One of the best things to do during a trip travelling around Europe is to taste the cuisine of the different countries and regions as you pass through them.
You wouldn’t be the first person to consider leaving the UK and living in Europe to have all those beautifully ripe tomatoes drenched in olive oil, mozzarella, golden saganaki, and deliciously flaky croissants.
However, why not take the prize pickings and add them to your own diet back home for a healthier lifestyle?
The main ingredients of the Eastern European diet consist of eggs, commonly used in pastries and doughs, and dairy products, in the form of cheese and yogurt.
Grains such as millet, buckwheat, wheat, barley, and rye are used to make kashas and various types of bread, while vegetables are kept in cold storage, but also pickled too.
You will also find that poultry, birds, and fish like herring, carp, pike and salmon are made parts of this diet, along with mutton, pork, beef and veal and fruits such as figs, dates, pomegranates, raspberries, cherries, plums and pears for liqueurs and desserts.
Eastern European food tends to be high in fat, sodium, and cholesterol though, so it’s important to make wise choices.
Opting for lean meats, fish that is in omega-3 and low-fat yogurts is the way to go to get the best out of Eastern European food. In the UK and unable to travel? You can sample a modern twist on East European food in London at the Russian Restaurant Babel House
Although seen as being high in fat and generally not the healthiest on the continent, there are some real health benefits to a French diet. They are particularly good at portion control, for instance. When you eat smaller quantities of rich food, you are better able to manage and prevent cravings from developing and can manage your weight better.
There’s also the fact that French people use olive oil, cheese, and butter too.
There is some thought that suggests these are actually healthier than opting for those thickening agents or low-fat options.
It is recommended, when taking on a French diet, that you eat more whole grains, lean meat and fresh vegetables and reduce the amount of processed foods you consume. A glass of wine is also recommended with your dinner and almonds of fruit for snacks.
There is an emphasis on fruit, especially berries, cabbage, root vegetables and whole grains such as oats and rye in diets eaten in Denmark and Sweden.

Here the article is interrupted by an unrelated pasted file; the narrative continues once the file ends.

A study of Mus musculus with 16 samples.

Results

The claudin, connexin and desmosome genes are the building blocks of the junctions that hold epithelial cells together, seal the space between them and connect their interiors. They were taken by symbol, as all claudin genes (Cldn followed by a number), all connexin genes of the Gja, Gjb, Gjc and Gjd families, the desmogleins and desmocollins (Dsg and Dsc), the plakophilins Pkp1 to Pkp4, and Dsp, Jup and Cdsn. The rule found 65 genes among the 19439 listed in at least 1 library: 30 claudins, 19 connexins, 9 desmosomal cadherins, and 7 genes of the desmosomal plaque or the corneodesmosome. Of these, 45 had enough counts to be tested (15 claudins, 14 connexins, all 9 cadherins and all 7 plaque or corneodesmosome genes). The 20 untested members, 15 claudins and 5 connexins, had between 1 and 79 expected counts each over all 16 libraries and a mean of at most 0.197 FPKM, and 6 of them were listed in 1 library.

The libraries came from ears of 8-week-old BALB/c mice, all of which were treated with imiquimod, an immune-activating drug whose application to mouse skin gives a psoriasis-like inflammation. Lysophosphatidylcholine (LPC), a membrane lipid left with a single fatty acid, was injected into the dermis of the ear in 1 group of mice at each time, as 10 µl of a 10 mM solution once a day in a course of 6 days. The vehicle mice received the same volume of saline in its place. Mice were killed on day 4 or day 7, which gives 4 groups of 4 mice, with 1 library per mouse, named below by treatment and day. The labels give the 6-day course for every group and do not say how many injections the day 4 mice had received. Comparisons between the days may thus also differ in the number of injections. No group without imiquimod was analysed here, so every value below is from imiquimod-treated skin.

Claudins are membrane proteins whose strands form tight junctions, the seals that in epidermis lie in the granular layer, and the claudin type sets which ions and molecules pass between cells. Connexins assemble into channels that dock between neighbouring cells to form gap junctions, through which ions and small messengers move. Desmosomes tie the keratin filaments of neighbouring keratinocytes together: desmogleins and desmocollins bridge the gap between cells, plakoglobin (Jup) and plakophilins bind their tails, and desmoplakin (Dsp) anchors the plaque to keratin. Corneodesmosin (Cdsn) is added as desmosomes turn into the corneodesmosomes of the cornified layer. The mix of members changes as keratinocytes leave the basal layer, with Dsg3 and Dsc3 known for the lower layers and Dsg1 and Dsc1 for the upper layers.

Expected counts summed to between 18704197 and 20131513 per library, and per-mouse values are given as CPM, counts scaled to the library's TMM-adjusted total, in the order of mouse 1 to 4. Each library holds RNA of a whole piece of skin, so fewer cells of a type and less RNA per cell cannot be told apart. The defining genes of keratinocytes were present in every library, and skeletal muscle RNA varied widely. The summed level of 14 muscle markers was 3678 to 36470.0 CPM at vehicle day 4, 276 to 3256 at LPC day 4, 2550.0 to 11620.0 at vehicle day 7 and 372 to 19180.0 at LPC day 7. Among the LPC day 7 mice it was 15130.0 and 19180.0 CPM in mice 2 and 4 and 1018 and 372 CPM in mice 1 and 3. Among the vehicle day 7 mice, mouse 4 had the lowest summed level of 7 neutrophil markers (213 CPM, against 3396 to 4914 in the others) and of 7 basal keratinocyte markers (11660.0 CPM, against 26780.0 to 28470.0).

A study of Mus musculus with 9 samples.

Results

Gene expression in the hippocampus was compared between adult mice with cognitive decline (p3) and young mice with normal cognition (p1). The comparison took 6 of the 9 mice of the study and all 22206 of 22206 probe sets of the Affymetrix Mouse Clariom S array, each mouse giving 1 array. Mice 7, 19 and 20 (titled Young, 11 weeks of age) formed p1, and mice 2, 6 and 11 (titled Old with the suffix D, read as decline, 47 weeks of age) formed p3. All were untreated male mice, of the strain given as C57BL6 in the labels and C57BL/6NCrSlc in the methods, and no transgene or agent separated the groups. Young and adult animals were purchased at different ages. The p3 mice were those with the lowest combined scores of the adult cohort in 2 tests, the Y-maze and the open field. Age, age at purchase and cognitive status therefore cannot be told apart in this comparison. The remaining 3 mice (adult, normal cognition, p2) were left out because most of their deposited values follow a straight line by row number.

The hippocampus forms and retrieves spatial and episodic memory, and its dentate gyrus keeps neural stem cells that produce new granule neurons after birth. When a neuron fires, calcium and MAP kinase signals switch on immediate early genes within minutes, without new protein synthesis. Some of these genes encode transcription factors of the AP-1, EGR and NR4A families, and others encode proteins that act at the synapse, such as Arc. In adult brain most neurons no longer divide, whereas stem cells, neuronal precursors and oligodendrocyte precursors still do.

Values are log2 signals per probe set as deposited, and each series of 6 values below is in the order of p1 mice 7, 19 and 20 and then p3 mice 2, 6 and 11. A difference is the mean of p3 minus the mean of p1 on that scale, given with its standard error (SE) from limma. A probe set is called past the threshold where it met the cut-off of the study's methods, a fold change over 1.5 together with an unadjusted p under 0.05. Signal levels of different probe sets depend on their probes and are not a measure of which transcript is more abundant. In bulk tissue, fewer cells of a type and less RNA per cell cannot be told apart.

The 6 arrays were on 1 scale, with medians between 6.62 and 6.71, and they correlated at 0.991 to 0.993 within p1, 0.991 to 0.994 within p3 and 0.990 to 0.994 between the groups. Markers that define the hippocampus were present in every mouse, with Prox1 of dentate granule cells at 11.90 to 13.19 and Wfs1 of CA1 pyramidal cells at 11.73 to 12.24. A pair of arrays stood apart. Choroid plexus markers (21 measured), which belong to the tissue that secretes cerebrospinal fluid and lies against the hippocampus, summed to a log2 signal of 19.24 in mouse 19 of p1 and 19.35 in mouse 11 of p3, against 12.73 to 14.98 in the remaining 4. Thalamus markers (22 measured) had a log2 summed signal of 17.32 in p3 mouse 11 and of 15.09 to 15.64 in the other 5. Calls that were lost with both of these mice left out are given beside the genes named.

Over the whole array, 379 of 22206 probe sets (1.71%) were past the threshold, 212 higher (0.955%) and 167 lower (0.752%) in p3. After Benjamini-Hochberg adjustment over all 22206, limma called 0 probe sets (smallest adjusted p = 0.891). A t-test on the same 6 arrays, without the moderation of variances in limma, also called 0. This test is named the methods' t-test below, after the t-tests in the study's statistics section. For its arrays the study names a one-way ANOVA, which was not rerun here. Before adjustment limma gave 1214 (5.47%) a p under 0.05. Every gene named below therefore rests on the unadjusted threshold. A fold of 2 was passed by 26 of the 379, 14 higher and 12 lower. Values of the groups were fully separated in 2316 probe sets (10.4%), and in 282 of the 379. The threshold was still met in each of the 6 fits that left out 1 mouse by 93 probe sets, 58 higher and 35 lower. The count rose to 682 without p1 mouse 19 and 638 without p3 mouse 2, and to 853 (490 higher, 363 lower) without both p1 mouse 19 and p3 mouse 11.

Only a small amount of meat is consumed.
While fish is normally consumed at least two or three times throughout the course of a week and canola plant oil is used.
You will also find that in the Nordic and Scandinavian countries there’s a stronger focus on ethically sourced, local and wild-caught food.
Although we may be far from those countries, we can benefit from similar boosts to our health by ensuring that at least one portion of fruit we have in a day features berries. These are high in antioxidants, which can reduce the risk of cardiovascular disease and cancer, and are low in sugar. Rye bread should be considered too as it increases our levels of magnesium, iron, zinc and Vitamin B.
The Mediterranean Mixture
The diet of people living in and along the Mediterranean has long been connected with better health in general as well as more specifically, an increase in life expectancy and improved cardiovascular health.
Greeks and Italians are known for eating only a moderate amount of lean meat, small amounts of legumes, high-quality whole grains, along with fats such as avocado, olive oil and nuts and plenty of fresh fruit and veg.
Although you may not need to justify it, a small glass of red wine will also give you the benefit of its antioxidative properties.
At Deakin University, there has been research conducted that has shown this kind of diet can help treat people who are suffering from moderate to very severe depression.
You can adapt to this diet at home by giving yourself half a plate full of non-starchy vegetables a fist-full, for men and half a fistful for women, of legumes or whole grains and a palm-sized portion of pork, chicken or fish.
Though you can opt for red meat twice a week. Drizzle on plenty of extra virgin olive oil and you have one healthy plate full of Mediterranean food.